12 Intensity and Structure Changes of Low-Level Tornadic Vortices during Landfall over the Japan Sea Area

Monday, 5 November 2012
Symphony III and Foyer (Loews Vanderbilt Hotel)
Ryohei Kato, Alpha-denshi Co., Ltd. / MRI, Tsukuba, Ibaraki, Japan; and K. Kusunoki, K. I. Arai, M. Nishihashi, K. Shimose, W. Mashiko, E. Sato, S. Saito, H. Y. Inoue, and H. Morishima

In order to develop a strong gust detection system for railroad, the Shonai area railroad weather project has investigated fine-scale properties of the wind gust using two X-band Doppler radars and the network of 26 surface weather stations since 2007. One of our remarkable findings is that most of the strong wind gusts in the winter season are associated with vortices (misocyclones). Based on the finding, we had made a prototype of the gust detection system that depends on vortex detection and tracking by using a single Doppler radar with a single elevation angle, and have been testing the prototype. The prototype is designed to detect vortices automatically and monitor them in real-time by the algorithm that relies on the continuous change in vortex strength, traveling direction and velocity.

From our observations so far, it is found that vortices often develop over the Japan Sea, intrude into land, and sometimes cause strong wind gusts. In such cases, the property of vortices over the sea is important for the gust detection system. However, if the property of vortices changes rapidly during landfall, the present detection and tracking system that relies on continuous change in vortex property may not work well. Thus, it is necessary for the system design to clarify the change in the properties of vortices during landfall.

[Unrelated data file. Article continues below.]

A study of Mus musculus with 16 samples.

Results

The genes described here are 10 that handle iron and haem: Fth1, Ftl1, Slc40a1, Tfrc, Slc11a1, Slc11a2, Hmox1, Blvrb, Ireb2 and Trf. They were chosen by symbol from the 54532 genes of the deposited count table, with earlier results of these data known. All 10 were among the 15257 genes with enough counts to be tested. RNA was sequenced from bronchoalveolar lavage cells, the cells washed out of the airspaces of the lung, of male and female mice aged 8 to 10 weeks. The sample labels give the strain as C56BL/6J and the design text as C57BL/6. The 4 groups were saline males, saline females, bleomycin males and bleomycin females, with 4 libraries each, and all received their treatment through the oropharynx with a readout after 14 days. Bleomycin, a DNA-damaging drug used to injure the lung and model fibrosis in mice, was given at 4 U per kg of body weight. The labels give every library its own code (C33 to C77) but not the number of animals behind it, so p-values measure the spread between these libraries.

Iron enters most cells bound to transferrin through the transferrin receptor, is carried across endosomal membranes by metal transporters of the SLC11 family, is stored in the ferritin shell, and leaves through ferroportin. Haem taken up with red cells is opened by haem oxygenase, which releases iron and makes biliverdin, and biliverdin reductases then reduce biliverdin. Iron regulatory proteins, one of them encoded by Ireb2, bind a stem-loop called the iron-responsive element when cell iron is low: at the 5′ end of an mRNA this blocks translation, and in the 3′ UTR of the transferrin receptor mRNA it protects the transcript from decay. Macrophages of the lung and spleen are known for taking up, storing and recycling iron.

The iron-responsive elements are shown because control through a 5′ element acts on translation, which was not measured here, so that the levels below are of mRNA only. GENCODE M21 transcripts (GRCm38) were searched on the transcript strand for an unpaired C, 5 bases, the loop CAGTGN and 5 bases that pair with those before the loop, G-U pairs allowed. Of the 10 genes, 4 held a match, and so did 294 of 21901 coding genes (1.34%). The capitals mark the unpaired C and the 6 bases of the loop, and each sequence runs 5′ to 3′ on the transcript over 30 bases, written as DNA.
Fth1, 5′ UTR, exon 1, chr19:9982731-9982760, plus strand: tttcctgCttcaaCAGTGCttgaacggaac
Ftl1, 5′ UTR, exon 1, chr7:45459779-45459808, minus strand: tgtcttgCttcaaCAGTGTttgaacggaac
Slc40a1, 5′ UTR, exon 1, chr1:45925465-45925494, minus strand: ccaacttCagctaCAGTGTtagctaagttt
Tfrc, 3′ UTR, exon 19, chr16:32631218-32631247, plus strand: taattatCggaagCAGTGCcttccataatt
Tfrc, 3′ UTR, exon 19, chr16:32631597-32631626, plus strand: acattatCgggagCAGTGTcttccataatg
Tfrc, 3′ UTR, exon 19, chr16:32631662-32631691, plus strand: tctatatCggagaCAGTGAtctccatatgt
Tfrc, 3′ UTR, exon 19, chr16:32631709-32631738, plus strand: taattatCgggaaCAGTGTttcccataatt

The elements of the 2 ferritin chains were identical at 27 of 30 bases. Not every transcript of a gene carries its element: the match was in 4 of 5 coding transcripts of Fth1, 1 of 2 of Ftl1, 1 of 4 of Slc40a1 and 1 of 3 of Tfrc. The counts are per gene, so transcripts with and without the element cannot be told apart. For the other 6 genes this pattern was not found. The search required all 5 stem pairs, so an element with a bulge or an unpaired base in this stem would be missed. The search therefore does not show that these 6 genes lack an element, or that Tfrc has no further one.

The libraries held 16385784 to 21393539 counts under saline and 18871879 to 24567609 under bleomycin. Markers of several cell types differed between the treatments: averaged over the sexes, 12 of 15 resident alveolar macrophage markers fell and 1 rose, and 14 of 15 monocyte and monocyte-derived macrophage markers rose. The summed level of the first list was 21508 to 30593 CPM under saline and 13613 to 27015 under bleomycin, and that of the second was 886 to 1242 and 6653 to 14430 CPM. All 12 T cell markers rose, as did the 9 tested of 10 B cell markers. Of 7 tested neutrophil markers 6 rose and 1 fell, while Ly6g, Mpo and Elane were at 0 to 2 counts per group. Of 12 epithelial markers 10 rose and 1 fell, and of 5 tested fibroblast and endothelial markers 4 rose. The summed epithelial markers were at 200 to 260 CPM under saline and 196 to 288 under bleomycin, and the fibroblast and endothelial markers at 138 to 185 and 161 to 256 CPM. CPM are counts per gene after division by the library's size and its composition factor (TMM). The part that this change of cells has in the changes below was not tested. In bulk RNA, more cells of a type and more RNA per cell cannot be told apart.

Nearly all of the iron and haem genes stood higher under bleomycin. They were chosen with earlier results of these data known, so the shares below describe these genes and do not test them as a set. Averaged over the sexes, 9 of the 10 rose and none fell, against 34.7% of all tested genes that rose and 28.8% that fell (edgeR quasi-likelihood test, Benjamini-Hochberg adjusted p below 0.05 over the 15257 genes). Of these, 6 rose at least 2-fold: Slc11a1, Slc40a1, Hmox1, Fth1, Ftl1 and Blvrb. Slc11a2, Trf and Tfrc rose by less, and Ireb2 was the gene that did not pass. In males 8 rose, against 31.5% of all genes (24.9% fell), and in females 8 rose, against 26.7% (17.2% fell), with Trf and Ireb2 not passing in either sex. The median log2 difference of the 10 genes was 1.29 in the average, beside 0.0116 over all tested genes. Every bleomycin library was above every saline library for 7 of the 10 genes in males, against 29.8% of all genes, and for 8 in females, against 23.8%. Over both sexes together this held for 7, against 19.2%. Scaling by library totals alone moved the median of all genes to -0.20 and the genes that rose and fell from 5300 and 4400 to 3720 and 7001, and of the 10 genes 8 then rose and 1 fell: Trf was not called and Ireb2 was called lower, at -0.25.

In this presentation, we will discuss the intensity and structure changes of tornadic vortices during landfall. Detail analysis of the radar data with high temporal (at about 50-s interval of each volume-scan) and high resolution (analyzed vortices are within 3.5 km from the radar) at the low-level atmosphere (from 100 to 400 m) during landfall of vortices revealed some features as follows: (1) maximum tangential velocity decreases rapidly after landfall, (2) the decrease of tangential velocity can be seen to propagate upward from the lowermost level after landfall, (3) vortices tilt rearward with height before landfall.